The Reserve Bank of Australia (RBA) has expressed concern over the possibility of further lending restrictions as pressure from the royal commission's ongoing scrutiny continues to mount.
According to the minutes of the central bank board's meeting for the month of October the RBA is going to keep an eye on the supply of credit given the likelihood of a more stringent lending environment.
"Members observed that while the regulators had already overseen a tightening of lending standards, and a degree of tightening of lending standards had been implemented by banks in anticipation of the Commission's findings, it was possible that banks could tighten lending conditions further given the issues raised in the report," the minutes of the meeting read.
In a report on The Australian Financial Review (AFR), Commonwealth bank economist Belinda Allen explained that the supply of credit to the Australian economy should be added to the growing list of concerns the central bank should monitor which includes wages, inflation, and home prices.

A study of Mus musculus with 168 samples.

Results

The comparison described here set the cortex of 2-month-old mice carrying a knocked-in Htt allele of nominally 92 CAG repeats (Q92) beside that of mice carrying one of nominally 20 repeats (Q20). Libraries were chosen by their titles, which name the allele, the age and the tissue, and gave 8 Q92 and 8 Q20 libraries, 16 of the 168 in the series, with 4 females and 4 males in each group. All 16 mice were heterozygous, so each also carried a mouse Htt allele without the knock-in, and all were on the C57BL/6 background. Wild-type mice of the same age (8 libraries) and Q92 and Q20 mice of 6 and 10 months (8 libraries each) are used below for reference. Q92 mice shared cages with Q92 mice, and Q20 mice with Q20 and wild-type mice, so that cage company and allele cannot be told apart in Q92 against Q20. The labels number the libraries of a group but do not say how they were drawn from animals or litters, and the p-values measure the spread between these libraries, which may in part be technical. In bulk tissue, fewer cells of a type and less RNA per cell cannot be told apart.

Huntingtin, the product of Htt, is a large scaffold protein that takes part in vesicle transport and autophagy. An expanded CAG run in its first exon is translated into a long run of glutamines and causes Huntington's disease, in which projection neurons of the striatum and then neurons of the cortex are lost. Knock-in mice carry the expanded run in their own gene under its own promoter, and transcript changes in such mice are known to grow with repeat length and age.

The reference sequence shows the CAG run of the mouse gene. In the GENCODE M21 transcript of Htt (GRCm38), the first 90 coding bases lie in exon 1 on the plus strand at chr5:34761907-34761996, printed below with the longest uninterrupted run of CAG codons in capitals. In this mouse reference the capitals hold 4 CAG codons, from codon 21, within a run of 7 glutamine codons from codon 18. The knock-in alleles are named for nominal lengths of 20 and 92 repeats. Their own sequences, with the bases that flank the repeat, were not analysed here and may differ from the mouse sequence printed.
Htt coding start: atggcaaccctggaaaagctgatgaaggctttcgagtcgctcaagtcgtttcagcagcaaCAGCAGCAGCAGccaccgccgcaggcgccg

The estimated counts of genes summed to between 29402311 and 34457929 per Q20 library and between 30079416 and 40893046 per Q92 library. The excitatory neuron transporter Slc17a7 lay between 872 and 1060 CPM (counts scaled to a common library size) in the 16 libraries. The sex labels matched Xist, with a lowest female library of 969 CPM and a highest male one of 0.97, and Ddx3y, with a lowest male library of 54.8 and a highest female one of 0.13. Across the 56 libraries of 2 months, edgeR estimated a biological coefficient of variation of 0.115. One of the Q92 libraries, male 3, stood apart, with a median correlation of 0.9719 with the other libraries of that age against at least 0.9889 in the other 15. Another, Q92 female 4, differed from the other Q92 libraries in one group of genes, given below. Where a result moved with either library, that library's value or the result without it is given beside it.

RBA is closely observing Sydney and Melbourne, where prices have already declined noticeably after experiencing a period of boom in recent years. As credit supply continues to concern the central bank, it will keep its monetary policy unchanged to support Australia's economic growth and to further reduce unemployment.
"Members assessed that it would be appropriate to hold the cash rate steady and for the Bank to be a source of stability and confidence while this progress unfolds," the board said.
RBA maintained Australia's cash rate at 1.5% and many economists think that the low-interest-rate environment will likely persist in the next few years. Capital Economic's Paul Dales is one of those who believe so, saying that the influence of commission on credit and the housing market generates uncertainty.
"We agree and doubt that the RBA will be in a position to raise interest rates until late in 2020," he said.
However, one thing is for certain: the next cash rate hike will likely be upwards.
"There is no indication that [the upward movement of interest rates] would change," RBA board member Ian Harper said.